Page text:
Research & Development
14 Sep (NucNet): Research centres of France’s Commissariat à l’Energie Atomique et aux Energies Alternatives (atomic and alternative energy commission; CEA), will make their research reactors and other facilities available to institutions from International Atomic Energy Agency member states for education, and joint research and development (R&D) projects, Daniel Verwaerde, CEA’s general administrator, announced today.
As the first designated International Centre based on Research Reactors (ICERR) under a new scheme launched by the IAEA last year, CEA’s research centres in Saclay, near Paris, and Cadarache, in southern France, will become international research hubs.
“Such centres will enable researchers from IAEA member states, especially developing states, to gain access to research reactor capabilities and develop human resources efficiently, effectively, and, probably, at a lower cost,” IAEA director-general Yukiya Amano said.
The IAEA said the designation was the result of a rigorous process, including the review of the application and support documentation, an audit mission performed at the CEA sites, and comprehensive evaluation and recommendation by an international selection committee made up of representatives from the global research reactor community and IAEA staff.
Andrea Borio di Tigliole, head of the research reactor section at the IAEA, said the goal of the scheme is to help member states, mainly without research reactors, gain access to research reactor infrastructure to carry out nuclear R&D and build capacity among their scientists.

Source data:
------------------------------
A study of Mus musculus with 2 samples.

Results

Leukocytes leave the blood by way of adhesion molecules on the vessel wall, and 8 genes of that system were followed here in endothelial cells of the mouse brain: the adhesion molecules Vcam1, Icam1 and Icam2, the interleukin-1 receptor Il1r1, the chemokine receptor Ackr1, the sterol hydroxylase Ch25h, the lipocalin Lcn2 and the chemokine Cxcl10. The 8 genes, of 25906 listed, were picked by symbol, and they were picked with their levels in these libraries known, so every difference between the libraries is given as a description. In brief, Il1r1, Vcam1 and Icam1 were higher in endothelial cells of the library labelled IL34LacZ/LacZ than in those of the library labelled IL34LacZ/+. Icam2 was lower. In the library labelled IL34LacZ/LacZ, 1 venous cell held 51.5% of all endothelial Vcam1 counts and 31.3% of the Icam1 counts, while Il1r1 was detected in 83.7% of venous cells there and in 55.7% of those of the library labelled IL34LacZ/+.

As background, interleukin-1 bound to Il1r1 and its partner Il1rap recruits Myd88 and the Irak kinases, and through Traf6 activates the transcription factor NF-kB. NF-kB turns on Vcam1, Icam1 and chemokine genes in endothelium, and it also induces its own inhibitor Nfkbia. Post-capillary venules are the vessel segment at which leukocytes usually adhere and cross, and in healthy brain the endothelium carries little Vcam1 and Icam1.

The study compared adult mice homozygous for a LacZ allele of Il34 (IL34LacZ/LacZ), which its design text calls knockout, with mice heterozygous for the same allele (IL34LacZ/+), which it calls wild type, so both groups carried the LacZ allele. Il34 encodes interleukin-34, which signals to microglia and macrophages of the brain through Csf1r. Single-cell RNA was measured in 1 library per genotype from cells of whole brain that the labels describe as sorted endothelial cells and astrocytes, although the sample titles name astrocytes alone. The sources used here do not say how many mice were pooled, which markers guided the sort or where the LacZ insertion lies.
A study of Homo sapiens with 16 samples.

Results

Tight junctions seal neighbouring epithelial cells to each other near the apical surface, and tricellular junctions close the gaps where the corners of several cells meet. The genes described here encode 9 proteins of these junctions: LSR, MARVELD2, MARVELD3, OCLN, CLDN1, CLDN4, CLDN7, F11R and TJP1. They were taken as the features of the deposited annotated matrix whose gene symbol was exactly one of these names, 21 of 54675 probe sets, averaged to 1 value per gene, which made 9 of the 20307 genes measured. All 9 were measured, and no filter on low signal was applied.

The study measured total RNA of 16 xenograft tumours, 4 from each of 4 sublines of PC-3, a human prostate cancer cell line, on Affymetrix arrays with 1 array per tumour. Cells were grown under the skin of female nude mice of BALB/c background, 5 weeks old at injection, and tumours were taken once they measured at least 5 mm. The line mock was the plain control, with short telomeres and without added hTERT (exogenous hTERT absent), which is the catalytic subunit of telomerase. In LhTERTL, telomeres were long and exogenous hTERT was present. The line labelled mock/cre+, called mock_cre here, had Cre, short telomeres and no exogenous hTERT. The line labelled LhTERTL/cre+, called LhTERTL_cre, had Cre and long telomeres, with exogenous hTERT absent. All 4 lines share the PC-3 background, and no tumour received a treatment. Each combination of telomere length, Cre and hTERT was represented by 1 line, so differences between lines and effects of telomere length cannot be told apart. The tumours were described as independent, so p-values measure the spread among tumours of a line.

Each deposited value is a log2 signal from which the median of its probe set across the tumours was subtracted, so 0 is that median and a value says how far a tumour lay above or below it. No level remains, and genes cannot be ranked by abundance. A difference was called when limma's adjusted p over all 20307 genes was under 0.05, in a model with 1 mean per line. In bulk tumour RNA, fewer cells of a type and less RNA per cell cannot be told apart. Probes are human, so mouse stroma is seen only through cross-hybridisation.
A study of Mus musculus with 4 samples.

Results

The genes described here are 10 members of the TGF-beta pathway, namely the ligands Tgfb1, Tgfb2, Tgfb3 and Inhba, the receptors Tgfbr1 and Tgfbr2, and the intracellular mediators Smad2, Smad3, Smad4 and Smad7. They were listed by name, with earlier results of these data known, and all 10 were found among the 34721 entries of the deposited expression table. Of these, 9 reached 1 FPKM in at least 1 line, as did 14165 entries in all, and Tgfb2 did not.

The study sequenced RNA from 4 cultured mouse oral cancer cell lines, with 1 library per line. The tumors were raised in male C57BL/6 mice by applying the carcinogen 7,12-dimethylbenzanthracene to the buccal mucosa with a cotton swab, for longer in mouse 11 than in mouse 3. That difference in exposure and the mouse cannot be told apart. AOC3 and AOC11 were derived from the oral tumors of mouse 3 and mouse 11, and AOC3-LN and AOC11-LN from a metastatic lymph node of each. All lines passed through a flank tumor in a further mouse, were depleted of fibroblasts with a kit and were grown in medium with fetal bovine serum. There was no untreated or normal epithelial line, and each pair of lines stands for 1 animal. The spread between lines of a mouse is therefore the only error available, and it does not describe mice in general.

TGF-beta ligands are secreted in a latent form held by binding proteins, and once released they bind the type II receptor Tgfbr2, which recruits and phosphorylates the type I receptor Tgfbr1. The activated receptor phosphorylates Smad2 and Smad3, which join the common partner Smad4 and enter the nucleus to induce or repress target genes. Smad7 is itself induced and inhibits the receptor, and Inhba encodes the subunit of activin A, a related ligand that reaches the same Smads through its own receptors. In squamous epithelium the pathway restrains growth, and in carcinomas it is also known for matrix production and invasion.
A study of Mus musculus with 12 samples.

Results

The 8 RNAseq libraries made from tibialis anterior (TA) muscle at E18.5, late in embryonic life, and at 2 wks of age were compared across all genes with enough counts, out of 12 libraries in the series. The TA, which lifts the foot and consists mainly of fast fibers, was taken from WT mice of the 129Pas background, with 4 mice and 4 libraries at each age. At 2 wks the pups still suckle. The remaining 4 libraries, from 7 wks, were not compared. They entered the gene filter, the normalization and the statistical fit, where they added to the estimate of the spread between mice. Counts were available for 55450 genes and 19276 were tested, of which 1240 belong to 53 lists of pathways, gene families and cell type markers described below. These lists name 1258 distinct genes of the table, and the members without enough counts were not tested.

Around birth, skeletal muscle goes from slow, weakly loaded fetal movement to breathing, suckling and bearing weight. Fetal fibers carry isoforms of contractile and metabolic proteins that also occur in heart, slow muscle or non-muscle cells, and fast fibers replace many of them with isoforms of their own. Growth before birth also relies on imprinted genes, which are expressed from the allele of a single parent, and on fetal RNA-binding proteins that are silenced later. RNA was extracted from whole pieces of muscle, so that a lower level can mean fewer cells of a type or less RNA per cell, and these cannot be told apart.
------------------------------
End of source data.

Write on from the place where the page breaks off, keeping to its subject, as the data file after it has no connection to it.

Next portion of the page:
Mr Verwaerde said the CEA plans to welcome 15 to 20 researchers a year at its centres.
He said the CEA’s proposal was centred on its Jules Horowitz Reactor and its ancillary facilities. “It is really important, because many countries are willing to develop their technical skills in research reactors for their future nuclear programme.
“I hope that other countries will soon join us under the ICERR designation, in order to have ICERR presence in each region of the world.”
The Jules Horowitz reactor is a European boiling water research reactor. The 100-megawatt materials testing reactor is under construction at Cadarache, based on the recommendations of the European Roadmap for Research Infrastructures Report, which was published by the European Strategy Forum on Research Infrastructures in 2006.
Construction of the reactor, named after the 20th-century French nuclear scientist Jules Horowitz, began in 2009.